Abhijit Kalbhor is a doctoral researcher at TU Eindhoven (TU/e) working on developing a computationally efficient modeling strategy for the prediction of soot formation in the aero-engine combustor environments. In this interview he talks about what motivates him to help improve the design of better aero-engines and why he switched from industry to academia.
You are working on improving the design of aero-engines. Is this something you always wanted to do?
I was passionate about engineering from a very young age. I enjoyed tackling the issues encountered in the design, development, and maintenance of practical systems during my academic projects, internships, and previous employment. I was especially fascinated by various paradigms of computational techniques in understanding the inherent physics of different processes associated with these systems, which inspired me to pursue a career in the field of CFD. Therefore, as a progressive step to my career, I decided to seek a doctorate to expand my research capacity in addressing challenges emerging in the sufficiently accurate and industry accordant applications of efficient computational techniques.
What is your motivation for pursuing research in this area?
I had an inclination and aptitude towards thermo-fluid sciences and developed an interest in the field of combustion during my master's. However, when I decided to pursue doctoral studies in combustion, I chose to contribute to the research on combustion generated emissions. The underlying motivation for this came from the fact that the clean combustion technology has become a primary agenda in combustion research due to climate change. I believe research is more gratifying when it benefits to address the formidable issues that impact the environment and society. Hence, through my research, I aspire to improve and discover new computational methodologies for futuristic combustion systems that can help us in our pursuit of a clean environment.
You are originally from India. What benefits did you see in pursuing a PhD abroad?
There were a couple of reasons to pursue a PhD abroad. The most important was to expand my research network and gain more international exposure, which I guess is instrumental in academics. I was fortunate enough to find a research topic aligned with my interests at TU/e under the ESTiMatE project. Moreover, I was interested in working on efficient combustion modeling techniques such as FGM, and TU/e was a perfect destination for my endeavors. I was also enthusiastic about experiencing new work culture, research collaborations which I might have missed to a certain extent if I had stayed in India.
Have you encountered any challenges in pursuing your research career?
I would say the main challenge for me was to mentally prepare myself for a research career when I decided to leave industry for academics. Through experience, I learned research is a continuing process that demands patience, persistence, skills, and a great level of determination. Besides, the process of finding a PhD position aligned with my interests and proper financial support was a notable challenge I faced while pursuing my career goal.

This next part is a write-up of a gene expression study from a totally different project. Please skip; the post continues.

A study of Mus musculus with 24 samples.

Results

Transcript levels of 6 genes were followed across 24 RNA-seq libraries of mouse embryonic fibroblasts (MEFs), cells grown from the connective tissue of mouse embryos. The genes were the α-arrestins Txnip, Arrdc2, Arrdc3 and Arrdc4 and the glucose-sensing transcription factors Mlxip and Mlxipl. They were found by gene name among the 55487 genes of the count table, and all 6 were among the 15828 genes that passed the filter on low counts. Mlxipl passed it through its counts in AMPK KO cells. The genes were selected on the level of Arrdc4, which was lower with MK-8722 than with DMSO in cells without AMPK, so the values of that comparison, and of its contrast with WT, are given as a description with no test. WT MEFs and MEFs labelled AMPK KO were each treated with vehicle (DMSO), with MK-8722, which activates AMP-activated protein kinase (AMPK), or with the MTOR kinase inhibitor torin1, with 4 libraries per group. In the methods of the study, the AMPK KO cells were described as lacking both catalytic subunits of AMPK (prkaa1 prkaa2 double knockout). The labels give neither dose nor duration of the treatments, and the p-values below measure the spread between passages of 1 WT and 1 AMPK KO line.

Could you tell us a bit about your work in industry? What made you decide to switch over to academia?
I worked as an Operations Officer (Engineering) in BPCL, a public sector oil marketing company in India, for a year. My responsibilities mainly included ensuring the smooth functioning of the plant machinery and supervising the team carrying out routine maintenance work. During my tenure, I contributed to projects on earthing network renovation, tank farm automation, new firewater engine, and oil storage tank commissioning, etc. I thoroughly enjoyed my work, hence leaving the industry was a bit of a tough decision. However, I had an interest in pursuing higher studies in aerospace engineering, and I also got the opportunity to study in India’s premier institution, IISc. I thought I would enjoy academic research more than industrial work. Hence, I decided to switch over to academia.
What do you do within the ESTiMatE project?
My activities within the ESTiMatE project mainly deal with the development and implementation of a detailed soot model coupled with tabulated chemistry in a CFD solver for prediction of soot in aero-engine combustors through high-fidelity simulations. Also, I will be collaborating with ESTiMatE consortium partners for the validation of the developed modeling framework with the experimental measurements.
How do you like it so far?
I feel fortunate to be a part of the ESTiMatE project, as I get the opportunity to interact with leading researchers from diverse research areas working together towards accomplishing the same goal. The project is also very well organized and effectively managed through regular meetings. Frequent discussions on the progress is an enriching experience, as we get acquainted with the multidisciplinary approach of the project. For me, collaborating with the Barcelona Supercomputing Center on soot model development has also been a great learning experience.
What do you hope to achieve in your career in the long run?
After my doctoral studies, I aim to become a faculty member in academia. Since combustion modeling is playing a paramount role in gas turbine designs, the industry is in critical need of engineers who have exposure to cutting-edge modeling research. Hence, I plan to establish a research and teaching program in aerospace propulsion technologies at a premier research institution that will not only train excellent engineers but also thrive to deliver low-emission combustion technologies to society.